Summer always means Newport to me.
I "grew up" in Rhode Island, and even though I worked in Newport throughout the year, Summer was always the special time. As a college kid, I worked shops, restaurants, and spinning disco in one bar, then ska and reggae in another. I heard a lot of ... questionable statements. It was a town full of white caps chest-thumping to the beat of the Reagan 80's, and between the coked-up bill-tossing mid-level managers who just had to hear "White Lines" ONE MORE TIME! and their prey, the oaths and vociferations ranged from just plain drunken babble to outrageous slander.
Of course, there were innocent naifs. Like the professional Navy guy who would dance for hours to everything from Burning Spear to The Selecter to The Ethiopians, finish his Jack'n'Coke, come up to the booth and shout: "I don't know nothin' 'bout that Raggy, but I shore do love that SKAR music!"
The NY Summer People had their favorite seats in the restaurant downstairs, where they would get blissed, lolling in their G'n'T or Dewar's. In '83, The America's Cup crews added their own color. If you had a facility for language or accents, you could convince almost anyone of anything. Back then, most of my friends were "undocumented" Irish carpenters and painters. Of course, they're all IT and Internet millionaires now, back in Eire and don't return calls. But we had Newport.
I got pretty good at talking myself aboard, and these days, I'll bump into an owner I worked for or a skipper who owes me either money or a beating. (I get neither.) Everybody had a scam running at some point back then. One particular quarterdeck Napoleon I know got proficient with bragging about the size of his ... commission. It was usually to get a bed ashore. Because if he'd been drinking, he just couldn't sleep onboard. So, he spent a lot of time claiming he was Dennis Connor. To really tall blondes, mostly. Lies were the currency, and often paid for a night in a Brick Market or Bellevue Avenue condo.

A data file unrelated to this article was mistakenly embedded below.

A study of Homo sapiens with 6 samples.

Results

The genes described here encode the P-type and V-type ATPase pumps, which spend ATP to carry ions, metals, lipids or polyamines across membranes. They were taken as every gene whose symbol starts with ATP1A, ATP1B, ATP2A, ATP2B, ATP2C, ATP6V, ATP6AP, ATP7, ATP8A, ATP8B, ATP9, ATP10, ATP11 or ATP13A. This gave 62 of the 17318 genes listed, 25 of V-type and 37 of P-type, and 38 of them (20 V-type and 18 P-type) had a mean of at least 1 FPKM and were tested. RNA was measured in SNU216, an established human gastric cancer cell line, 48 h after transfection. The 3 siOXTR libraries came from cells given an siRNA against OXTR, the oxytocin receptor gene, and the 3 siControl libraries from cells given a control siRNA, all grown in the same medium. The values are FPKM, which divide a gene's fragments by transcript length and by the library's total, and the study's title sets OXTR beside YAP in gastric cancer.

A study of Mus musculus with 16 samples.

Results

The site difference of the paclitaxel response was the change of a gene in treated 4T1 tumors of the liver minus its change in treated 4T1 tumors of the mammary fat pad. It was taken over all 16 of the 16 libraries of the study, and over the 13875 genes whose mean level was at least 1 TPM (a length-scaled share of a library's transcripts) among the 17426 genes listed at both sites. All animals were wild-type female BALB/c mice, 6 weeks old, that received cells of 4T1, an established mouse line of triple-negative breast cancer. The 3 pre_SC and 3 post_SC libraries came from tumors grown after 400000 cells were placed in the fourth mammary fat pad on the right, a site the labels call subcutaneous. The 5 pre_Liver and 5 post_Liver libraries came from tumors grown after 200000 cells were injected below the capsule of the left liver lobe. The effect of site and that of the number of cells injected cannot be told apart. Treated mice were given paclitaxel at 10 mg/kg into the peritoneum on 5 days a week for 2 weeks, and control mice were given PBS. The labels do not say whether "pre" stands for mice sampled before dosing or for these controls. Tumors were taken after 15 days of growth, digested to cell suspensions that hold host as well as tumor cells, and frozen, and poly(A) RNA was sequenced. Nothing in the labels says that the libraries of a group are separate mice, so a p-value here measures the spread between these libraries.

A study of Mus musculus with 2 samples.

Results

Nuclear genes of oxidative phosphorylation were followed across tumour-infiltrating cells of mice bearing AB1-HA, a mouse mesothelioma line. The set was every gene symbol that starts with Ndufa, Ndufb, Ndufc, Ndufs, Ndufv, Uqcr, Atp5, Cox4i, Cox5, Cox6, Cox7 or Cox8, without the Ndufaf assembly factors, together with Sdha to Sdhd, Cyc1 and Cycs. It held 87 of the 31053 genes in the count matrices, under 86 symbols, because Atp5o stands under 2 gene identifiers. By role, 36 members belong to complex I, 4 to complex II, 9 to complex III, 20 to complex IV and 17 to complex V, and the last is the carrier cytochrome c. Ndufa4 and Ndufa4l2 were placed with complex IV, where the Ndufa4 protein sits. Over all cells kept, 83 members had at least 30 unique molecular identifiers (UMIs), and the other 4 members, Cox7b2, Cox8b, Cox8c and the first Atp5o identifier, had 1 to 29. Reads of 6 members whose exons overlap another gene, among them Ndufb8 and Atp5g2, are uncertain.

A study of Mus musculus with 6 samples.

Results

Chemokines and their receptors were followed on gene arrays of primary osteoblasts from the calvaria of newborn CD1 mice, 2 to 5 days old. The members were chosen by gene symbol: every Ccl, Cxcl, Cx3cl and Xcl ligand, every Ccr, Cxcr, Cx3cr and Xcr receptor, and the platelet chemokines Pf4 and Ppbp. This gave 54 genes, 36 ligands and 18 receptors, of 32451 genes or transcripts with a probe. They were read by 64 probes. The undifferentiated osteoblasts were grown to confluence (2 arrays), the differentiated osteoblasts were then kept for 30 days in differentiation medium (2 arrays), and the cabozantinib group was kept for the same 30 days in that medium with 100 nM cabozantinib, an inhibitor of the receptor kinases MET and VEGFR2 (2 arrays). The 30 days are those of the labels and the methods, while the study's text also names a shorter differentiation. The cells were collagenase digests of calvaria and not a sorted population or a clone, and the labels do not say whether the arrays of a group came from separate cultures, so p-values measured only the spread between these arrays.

We locals in the entertainment and hospitality industry found our own entertainments. A mark would enter the bar, a bartender would give me the high sign and I'd mix Gang of Four's Man in a Uniform, hit the strobe, and we'd watch as the Piranha Sisters -- the ones with the "sexy" underbites, Pat Benatar hair and Flashdance outfits -- scammed the rube for cigarettes, Cosmopolitans (served in those days in a glass or paper cup, not a martini glass), and catch the sucker as he peeked down their blouses.
Of course, there was the fateful night walking toward Thames Street from the lot with the eighteen friends I had driven in the Audi and we saw a bunch of girls dressed like Punky Brewster. I quipped -- I hadn't yet developed my current discretionary volume control -- "Who are they, the #&%$in' Go-Gos?"
And then Belinda Carlisle and Charlotte Caffey turned around, flipped us off, and shouted "Yeah, we #&%$in' ARE!"
My ramble down memory lane reminds us that there has always been room for less-than-admirable behavior in the City by the Sea. Also remember that Ike had his Summer place there. So, I'm just disturbed -- but not surprised -- by this:
NEWPORT, R.I. – U.S. President Bush made plain his feelings about Fidel Castro
Thursday – wishing the Cuban leader would disappear.
“One day the good Lord
will take Fidel Castro away,” Bush said in answer to a question after a speech
at the Naval War College.
Hope your Summer's going swimmingly.